Last night, Massey Hall played host to the sweet and sad tunes of Ryan Adams. Currently touring for his sixteenth studio album, Prisoners, Adams brought us more tales of melancholy as his 2015 divorce to singer/actress Mandy Moore inspired his latest record. However, there was nothing but love for Adams from the 2,500+ sold out crowd in Toronto.
Adams opened the impressive 120-minute set with his newest single “Do You Still Love Me?” A wrenching song with a powerful riff and an anthemic chorus that sounds like a Deep Purple or Steppenwolf chart topper from 40 years ago. The band filled the room instantly from the very first guitar chord and when Adams’ lips touched the microphone for the first time, everyone’s heart sunk at the sound of his vocals. And that was it, Adams had us mesmerized.
From there, Adams keep us enthralled and unrolled his set with favourites such as “To Be Young (Is to Be Sad, Is to Be High),” “Gimme Something Good,” and “Two” before sharing some more new tracks from Prisoners.
Everything about Adams’ set has a classic 60s/70s vibe. Not only does his music have a vintage rock n’ roll sound, but over-sized retro Fender amps and tube televisions (and a few stuffed animal cats of course) pile high around the stage. He dresses in all denim with his signature cat mascot tee underneath. After a few songs he removed his jean jacket, hung it on a coat rack, and informed us, “I could have kept it on longer, but I’ve always wanted a coat rack on stage. I finally got one.” Before continuing, he joked, “This song goes out to my coat rack.”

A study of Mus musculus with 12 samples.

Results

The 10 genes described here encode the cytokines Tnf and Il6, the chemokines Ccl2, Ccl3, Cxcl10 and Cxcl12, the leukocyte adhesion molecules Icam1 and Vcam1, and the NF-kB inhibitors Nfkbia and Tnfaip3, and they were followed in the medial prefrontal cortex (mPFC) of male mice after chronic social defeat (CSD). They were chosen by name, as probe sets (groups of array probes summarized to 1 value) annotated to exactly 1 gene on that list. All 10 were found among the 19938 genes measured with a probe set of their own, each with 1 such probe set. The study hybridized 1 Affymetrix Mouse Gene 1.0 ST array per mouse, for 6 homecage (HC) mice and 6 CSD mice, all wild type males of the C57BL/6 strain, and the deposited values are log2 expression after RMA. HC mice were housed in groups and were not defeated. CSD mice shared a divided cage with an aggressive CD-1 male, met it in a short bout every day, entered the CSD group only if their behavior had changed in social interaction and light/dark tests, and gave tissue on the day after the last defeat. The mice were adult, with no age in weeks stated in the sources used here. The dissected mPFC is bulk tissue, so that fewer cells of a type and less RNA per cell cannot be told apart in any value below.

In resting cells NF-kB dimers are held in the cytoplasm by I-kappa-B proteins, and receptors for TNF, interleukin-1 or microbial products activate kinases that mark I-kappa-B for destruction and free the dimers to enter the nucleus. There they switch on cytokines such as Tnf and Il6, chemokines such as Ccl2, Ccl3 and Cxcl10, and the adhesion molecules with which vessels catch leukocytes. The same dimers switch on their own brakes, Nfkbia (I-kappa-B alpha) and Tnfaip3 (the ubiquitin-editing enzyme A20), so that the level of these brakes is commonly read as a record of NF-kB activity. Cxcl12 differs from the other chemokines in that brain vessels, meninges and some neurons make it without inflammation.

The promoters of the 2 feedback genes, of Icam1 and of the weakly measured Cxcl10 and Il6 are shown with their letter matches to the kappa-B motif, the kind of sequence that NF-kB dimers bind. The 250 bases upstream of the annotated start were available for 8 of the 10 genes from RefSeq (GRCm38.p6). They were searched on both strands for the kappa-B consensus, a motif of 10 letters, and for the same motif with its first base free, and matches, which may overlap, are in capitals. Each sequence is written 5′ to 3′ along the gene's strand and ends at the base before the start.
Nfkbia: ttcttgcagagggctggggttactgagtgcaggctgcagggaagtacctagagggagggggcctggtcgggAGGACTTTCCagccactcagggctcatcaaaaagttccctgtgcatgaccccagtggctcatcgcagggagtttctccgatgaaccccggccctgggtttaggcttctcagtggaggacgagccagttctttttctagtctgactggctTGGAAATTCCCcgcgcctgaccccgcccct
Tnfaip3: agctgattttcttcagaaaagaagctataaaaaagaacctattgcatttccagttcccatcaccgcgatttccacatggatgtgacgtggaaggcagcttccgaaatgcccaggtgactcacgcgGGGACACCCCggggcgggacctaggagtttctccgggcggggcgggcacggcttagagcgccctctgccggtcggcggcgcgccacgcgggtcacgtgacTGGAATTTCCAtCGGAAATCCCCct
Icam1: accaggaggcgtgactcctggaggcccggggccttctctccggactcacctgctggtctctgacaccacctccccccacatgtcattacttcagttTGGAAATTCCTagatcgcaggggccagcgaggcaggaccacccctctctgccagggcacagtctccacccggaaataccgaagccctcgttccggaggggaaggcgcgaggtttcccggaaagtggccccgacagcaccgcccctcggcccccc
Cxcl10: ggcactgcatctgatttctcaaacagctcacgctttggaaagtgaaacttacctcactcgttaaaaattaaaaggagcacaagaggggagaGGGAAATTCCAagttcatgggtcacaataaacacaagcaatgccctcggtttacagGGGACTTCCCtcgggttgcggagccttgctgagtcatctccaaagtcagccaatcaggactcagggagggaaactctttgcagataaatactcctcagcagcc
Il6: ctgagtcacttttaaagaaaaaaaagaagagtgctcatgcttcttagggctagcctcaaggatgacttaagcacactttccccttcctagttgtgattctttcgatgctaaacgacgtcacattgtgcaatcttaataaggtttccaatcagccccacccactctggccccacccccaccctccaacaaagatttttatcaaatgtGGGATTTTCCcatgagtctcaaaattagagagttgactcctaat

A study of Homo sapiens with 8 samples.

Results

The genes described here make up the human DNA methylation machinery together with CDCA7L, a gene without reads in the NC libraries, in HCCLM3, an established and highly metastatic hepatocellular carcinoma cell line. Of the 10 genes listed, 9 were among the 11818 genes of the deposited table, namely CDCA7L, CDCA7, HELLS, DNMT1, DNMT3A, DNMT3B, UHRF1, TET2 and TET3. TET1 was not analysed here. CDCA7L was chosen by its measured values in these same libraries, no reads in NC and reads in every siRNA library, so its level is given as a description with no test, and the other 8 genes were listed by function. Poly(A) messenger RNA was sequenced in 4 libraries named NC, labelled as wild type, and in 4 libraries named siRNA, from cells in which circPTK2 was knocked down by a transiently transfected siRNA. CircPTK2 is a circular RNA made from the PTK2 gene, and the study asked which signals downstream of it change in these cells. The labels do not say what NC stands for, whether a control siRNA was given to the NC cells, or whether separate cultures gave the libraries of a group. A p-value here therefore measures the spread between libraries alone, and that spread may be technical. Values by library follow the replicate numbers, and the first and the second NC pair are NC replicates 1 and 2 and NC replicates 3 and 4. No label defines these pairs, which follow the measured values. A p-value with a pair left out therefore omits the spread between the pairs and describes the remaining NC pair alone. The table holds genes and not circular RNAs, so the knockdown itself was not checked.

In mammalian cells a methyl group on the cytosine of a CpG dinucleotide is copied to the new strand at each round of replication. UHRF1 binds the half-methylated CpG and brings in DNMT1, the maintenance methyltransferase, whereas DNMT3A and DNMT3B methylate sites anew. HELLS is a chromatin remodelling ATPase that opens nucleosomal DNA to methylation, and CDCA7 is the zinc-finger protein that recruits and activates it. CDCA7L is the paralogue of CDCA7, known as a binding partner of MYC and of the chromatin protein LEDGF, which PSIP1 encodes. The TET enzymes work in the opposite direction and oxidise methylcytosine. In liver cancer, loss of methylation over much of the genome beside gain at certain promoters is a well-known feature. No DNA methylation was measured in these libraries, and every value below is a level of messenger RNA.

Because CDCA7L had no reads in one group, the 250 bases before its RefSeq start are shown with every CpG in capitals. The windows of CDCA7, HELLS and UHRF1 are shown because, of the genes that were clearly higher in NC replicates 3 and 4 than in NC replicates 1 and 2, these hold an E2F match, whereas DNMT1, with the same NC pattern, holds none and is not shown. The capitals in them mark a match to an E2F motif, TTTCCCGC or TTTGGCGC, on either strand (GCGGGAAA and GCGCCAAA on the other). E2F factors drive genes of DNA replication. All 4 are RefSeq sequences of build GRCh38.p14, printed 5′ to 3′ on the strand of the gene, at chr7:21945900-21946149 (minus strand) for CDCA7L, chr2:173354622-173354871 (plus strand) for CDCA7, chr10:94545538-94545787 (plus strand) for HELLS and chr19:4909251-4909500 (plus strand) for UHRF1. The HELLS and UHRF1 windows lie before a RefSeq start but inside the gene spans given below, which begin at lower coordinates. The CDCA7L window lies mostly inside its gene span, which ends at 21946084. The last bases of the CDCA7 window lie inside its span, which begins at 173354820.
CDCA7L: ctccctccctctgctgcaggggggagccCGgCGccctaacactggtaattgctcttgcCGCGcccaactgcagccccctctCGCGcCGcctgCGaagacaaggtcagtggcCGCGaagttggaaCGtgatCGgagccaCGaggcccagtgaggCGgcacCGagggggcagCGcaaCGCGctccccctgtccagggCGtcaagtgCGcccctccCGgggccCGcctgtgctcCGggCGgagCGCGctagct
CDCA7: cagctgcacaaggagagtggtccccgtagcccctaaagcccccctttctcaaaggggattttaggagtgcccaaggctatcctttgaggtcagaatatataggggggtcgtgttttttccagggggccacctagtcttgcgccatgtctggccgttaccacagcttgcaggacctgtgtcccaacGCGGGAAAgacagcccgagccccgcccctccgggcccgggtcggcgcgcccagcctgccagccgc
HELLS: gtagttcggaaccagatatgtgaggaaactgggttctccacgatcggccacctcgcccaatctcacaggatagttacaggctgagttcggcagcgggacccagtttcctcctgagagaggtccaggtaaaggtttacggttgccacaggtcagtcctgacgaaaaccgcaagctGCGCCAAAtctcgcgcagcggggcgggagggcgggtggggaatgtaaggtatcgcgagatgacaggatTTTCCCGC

Adams’ has a rare ability and range to play both a soft and hard rock style. Sometimes even in the same song. During “Magnolia Mountain,” a song from his time with The Cardinals, he entranced us with a lengthy guitar solo that was so electric, Hendrix himself would be drooling on the floor. But the most impressive part was how he transitioned in a split second to a melody soft and tender like a Neil Young ballad. Adams alluded to his influence from Neil Young jocularly, “…Something tells me he has a thing for weed and cats as well.”
Every now and then, the backup band would disappear and Adams would step forward to a classic ribbon microphone wrapped in Christmas lights to perform a solo song that would melt us into our seats. Silence filled the hall when Adams mesmerized us with his haunting and chilling cover of “Wonderwall.” Again, when he returned for an encore, his solo version of “Come Pick Me Up” left some audience members in tears.
No one left unhappy we all exited the venue in awe. It’s nights like this that will cement Massey Hall as the premiere venue for artists of this nature. It is also apparent that Ryan Adams is still blossoming as a songwriter into his early forties and he continues to find beauty in his heartbreak. Rest assured Ryan, we still love you babe.